Warning: this post contains an obvious conclusion, but read on anyway!
I am a 40-something Christian man. I am married, and at the moment I live in Australia (although I usually live in Mexico). I enjoy the cricket, can cook a good steak, and will happily go to the beach. Like most men my age, I think I have an above average ability in most sports—although I am no good with power tools.
But when it comes to living the ‘right’ life of a middle-aged Australian male, I am confused.
I’m confused because, when I watch sport, the advertisements and commentators are constantly telling me who I am. They say:
You are an idiot who carries on as if you are 19, and thinks the key elements of a happy life are (in no particular order) bacon, having fun with your mates, and beer.
You are a hopeless husband, who can’t be trusted to do the grocery shopping, buy clothes for the kids, or articulately express an opinion when it comes to colour, style or appearance.
As a father, you are a joke. Your kids don’t take you seriously.
The limit of your cooking ability is organizing takeaway pizza or burning a sausage.
You can make your own destiny.
Faithfulness in marriage is a sign of weakness; infidelity is the sign of an adventurous spirit.
If I am not a rugged tough guy, then I am a bit of a disappointment.
Your wife will inevitably bring a rapid and definite end to any activities that you might find enjoyable.
Your most comfortable social situation is in a pub.
But when I read the Bible, there is a very different picture. God tells me:
Men and women are created equally in the image of God (Gen 1:26-27).
Men are given a task by God (Gen 2:15).
The man who dwells in the word and ways of God will be blessed (Ps 1).
Men are to instruct and learn (Prov 9:9, 12:15).
A godly man is slow to anger, not quick to defend (Prov 15:18).
We are blessed because God has forgiven our sins (Rom 4:8).
We are members of one body, and serve that body (Rom 12:5; Eph 4).
Our value is found in our identity in Christ (Eph 1:11-14).
We are mature men when we walk like Christ (Eph 4:13).
We are to work so that we can eat and share with those in need (Eph 4:28; 2 Thes 3:10).
We are to love and serve our wives by laying down our lives for them (Eph 5:25).
It is important how we care for our families and our leaders are to be good models of this (1 Tim 3:4, 12).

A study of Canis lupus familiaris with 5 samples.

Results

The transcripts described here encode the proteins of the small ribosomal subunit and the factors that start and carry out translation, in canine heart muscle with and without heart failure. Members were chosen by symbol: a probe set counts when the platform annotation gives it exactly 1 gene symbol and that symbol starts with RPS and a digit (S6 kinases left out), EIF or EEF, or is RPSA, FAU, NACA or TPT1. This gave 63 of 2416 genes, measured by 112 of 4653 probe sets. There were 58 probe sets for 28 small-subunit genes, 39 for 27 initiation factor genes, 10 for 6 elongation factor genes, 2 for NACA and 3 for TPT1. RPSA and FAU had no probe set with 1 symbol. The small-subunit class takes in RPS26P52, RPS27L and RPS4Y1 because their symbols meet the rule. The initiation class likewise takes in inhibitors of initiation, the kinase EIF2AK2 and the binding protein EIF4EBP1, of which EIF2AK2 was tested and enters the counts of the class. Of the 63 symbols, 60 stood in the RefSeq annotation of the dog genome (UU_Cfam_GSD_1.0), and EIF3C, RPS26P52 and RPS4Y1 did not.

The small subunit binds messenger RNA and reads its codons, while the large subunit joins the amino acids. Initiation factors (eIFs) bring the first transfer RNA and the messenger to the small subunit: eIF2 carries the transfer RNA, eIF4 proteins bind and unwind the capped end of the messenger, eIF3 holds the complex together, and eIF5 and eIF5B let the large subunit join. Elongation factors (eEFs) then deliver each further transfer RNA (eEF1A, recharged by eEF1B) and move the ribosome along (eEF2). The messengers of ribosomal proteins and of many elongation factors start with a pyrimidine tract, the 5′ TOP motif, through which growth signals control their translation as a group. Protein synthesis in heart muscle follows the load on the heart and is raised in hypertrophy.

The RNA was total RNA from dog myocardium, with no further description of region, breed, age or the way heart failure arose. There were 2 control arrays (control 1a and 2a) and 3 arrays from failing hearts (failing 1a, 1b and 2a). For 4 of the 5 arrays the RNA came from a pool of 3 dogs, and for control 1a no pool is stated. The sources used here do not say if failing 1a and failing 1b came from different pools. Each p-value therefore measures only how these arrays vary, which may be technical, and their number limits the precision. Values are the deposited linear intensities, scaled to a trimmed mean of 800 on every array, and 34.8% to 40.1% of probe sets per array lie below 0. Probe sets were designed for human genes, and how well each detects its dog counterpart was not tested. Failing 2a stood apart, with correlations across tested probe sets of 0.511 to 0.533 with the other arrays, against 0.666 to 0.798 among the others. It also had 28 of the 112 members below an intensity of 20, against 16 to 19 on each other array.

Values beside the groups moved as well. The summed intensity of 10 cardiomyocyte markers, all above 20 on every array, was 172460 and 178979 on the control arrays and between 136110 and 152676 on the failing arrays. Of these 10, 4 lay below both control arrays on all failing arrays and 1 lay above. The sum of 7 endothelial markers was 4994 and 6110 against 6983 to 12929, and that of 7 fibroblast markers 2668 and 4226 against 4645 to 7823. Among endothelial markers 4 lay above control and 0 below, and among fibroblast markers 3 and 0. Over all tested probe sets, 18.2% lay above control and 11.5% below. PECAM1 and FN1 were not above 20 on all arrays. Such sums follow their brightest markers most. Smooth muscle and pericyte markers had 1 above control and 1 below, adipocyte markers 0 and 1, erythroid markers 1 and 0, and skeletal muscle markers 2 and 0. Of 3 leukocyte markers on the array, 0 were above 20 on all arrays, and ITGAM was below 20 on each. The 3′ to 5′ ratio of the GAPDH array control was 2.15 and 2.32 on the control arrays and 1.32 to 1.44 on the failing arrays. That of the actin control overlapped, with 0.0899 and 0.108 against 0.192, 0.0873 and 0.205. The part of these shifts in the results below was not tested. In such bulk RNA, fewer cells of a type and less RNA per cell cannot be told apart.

We are to encourage older men like fathers, and treat older women as mothers and younger women like sisters, in all purity (1 Tim 5:1-2).
We are to flee the things of the world and pursue godly living (1 Tim 6:11).
We are to urge younger men to be self-controlled (Titus 2:6).
Ready for the obvious conclusion? Here it comes.
As Christian men, we must take our lead from God’s word and his desire for a Christian man, not from our sports players and commentators, advertisers, or self-proclaimed life gurus.
But here’s the question: if the conclusion is so obvious (and I think it is), why is it that we as men so often miss the mark? Why is it that we fall into the same old traps of wanting to “be one of the boys” or “prove ourselves” through what we post on Facebook? Why do we feel inadequate when others are travelling overseas and we are not? Why do we feel the need to play the part of the dumb husband when we’re with our wives and her friends? Why do we not step up and lead when there is opportunity? Why do we not model self-control to the next generation of men, and commend it when we see it in them? Why don’t we want to take the time to learn from older, godly men, but rather rush in and do our own thing?
My answer, and maybe yours as well, is that I so often forget who I am in Christ. Thousands of time a day, the world says to me “Be like this! Be like that!”, but never “Live out your life in Christ!”
God’s word will say that to me. Christian brothers will urge that in me. Christian sisters will encourage me in it.
My job is to listen, to pray for steadfastness and strength, to strive, and to be that encouraging voice to others.